In 2022, ecommerce continued to grow for business-to-business distributors and wholesalers. All in, there are about 630,00 distribution companies operating in the U.S., according to the Department of Commerce and Bureau of Labor Statistics. Collectively, those companies are on track to grow their combined sales to $8.000 trillion in 2022, based on a projection from Digital Commerce 360. That’s an increase of 20.4% from $6.644 trillion in 2021.
More important, digital commerce, once only a minor sale, branding and customer service channel for many distributors, is now mainstream. And, in a growing number of organizations, it is the dominant channel.
This year, distributors are on track to grow digital commerce in its multiple forms, including ecommerce and apps, electronic data interchange (EDI), e-procurement and B2B marketplaces, to $3.811 trillion. That’s up 25% from $3.050 trillion in 2021, Digital Commerce 360 projects.
B2B ecommerce also is on track to grow 25% to $1.400 trillion from $1.120 trillion in 2021, based on a Digital Commerce 360 projection.
A growing number of distributors are zeroing in on ecommerce and digital transformation to cope with a rapidly changing and increasingly volatile business climate. And because purchasing managers want less traditional sales and customer service channels and increasingly more ecommerce, distribution companies are catering to bigger numbers of digital-first buyers.
A case in point is Fastenal Co., a major public distributor of industrial and construction products. It posted digital sales in all forms of $835.7 million in the first half of 2022. That’s an increase of 32% from total digital sales of $632.9 million in the first half of 2021.
For the first half of 2022, Fastenal’s ecommerce site and app sales accounted for 17% of all sales and grew 53% year over year. Based on those metrics, Digital Commerce 360 projects that ecommerce sales totaled $302.62 million for the first six of 2022. That compares with $198.0 million in the previous year.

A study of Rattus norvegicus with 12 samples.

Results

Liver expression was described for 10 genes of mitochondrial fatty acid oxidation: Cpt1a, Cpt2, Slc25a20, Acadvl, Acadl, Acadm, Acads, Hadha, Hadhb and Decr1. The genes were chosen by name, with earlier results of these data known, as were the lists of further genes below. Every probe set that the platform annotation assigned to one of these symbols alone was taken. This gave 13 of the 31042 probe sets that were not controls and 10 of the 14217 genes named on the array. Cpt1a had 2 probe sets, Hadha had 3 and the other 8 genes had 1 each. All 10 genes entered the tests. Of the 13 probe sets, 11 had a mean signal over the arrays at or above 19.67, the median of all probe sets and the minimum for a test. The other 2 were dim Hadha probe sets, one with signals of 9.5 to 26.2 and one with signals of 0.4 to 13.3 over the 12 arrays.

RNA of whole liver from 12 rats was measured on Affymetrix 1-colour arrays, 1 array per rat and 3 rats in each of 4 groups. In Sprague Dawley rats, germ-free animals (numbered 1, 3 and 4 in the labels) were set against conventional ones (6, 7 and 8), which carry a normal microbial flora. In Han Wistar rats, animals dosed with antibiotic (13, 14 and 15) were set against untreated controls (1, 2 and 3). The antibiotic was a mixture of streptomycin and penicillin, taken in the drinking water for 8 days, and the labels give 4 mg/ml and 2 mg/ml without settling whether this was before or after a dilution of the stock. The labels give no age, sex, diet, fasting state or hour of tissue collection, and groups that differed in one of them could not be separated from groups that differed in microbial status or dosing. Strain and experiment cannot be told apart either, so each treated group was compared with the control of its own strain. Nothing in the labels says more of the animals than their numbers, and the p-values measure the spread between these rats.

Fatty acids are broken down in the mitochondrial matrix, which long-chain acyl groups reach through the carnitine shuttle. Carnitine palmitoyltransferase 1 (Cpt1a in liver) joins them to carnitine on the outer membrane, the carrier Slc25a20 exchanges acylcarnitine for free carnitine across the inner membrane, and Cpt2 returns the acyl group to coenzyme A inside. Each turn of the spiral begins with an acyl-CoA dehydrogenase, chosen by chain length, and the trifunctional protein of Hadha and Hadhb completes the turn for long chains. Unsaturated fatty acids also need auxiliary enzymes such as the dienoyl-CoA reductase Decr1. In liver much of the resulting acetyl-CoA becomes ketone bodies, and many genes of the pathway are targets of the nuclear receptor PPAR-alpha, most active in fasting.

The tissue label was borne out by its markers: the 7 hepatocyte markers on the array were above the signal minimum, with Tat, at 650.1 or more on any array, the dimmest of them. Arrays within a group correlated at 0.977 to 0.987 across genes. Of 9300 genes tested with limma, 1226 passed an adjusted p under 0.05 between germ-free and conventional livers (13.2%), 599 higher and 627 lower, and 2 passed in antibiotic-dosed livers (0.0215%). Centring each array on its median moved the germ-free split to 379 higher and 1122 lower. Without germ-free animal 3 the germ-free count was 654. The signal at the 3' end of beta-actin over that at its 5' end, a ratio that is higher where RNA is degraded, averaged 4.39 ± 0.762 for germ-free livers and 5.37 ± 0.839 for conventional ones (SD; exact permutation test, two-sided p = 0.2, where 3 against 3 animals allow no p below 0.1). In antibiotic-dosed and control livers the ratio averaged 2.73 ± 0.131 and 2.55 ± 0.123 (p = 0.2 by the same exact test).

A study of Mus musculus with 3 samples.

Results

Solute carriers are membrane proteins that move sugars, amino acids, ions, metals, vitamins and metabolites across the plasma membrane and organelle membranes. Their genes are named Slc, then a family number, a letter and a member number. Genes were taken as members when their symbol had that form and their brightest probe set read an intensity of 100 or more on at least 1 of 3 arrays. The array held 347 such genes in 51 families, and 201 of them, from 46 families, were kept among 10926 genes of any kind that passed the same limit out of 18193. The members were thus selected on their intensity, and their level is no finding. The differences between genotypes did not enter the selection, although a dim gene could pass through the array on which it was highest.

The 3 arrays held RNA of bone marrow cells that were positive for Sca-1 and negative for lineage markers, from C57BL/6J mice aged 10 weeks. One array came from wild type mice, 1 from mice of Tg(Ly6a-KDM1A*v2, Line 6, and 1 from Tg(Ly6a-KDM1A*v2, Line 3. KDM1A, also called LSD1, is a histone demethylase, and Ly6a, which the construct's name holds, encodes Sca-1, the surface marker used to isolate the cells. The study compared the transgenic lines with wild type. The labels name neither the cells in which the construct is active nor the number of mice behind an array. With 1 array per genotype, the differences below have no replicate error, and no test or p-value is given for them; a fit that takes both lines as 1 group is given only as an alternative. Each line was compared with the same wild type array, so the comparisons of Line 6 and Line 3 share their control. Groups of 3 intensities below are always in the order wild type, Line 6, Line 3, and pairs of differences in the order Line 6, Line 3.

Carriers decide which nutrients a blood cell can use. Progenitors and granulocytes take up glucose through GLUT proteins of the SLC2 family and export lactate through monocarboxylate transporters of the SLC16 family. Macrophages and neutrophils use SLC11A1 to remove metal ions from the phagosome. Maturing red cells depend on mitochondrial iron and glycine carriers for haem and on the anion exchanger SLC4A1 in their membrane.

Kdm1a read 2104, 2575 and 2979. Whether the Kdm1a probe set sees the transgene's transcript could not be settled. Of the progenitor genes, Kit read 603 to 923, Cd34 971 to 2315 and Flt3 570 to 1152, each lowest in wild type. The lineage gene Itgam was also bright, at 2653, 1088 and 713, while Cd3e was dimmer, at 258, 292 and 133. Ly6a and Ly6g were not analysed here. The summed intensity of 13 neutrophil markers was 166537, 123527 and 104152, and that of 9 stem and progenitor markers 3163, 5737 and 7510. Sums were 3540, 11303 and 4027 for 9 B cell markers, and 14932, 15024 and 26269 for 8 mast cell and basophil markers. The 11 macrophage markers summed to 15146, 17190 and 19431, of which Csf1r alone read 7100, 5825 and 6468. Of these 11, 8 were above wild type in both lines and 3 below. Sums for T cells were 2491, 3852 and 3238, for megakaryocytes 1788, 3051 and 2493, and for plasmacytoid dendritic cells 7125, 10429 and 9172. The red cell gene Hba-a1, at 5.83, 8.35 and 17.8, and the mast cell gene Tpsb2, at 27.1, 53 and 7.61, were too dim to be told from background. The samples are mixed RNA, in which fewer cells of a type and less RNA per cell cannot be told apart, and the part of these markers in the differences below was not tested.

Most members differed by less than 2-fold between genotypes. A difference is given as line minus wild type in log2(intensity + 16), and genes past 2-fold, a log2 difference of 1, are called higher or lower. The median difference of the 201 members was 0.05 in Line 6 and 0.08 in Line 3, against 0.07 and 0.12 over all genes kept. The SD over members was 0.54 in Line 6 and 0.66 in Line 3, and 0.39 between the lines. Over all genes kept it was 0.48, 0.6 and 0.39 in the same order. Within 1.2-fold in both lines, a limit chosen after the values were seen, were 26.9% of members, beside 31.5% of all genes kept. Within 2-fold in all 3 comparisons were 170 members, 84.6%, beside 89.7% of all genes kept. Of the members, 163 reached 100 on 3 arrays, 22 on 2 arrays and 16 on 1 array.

“COVID period pushed everybody to abruptly change what they are doing, and I think that the strength you see in our ecommerce sales growing north of 50% is a testament to the marketplace,” Fastenal CEO Dan Florness said on a recent earnings call. “I don’t know if the marketplace is reacting to what we’re doing or we’re reacting to what the marketplace is doing. I think it’s more of the latter. Buying habits have changed. And you see it in your personal life. What you do today is different than what it would have been five years ago.”
The business market across all sectors of the U.S. economy is undergoing a digital transformation. And that transformation by organizations of all sizes is being driven by digital commerce. The events of the last three years, including a global pandemic, supply chain disruption and other major changes, has caused business organizations to perform better, faster, and more efficiently to serve to increasingly larger numbers of digital-first customers.
The distributors and wholesalers that are learning and living that lesson now will turn first-time digital buyers into loyal return customers and take ecommerce sales — and market share — away from competitors that aren’t changing with digital times.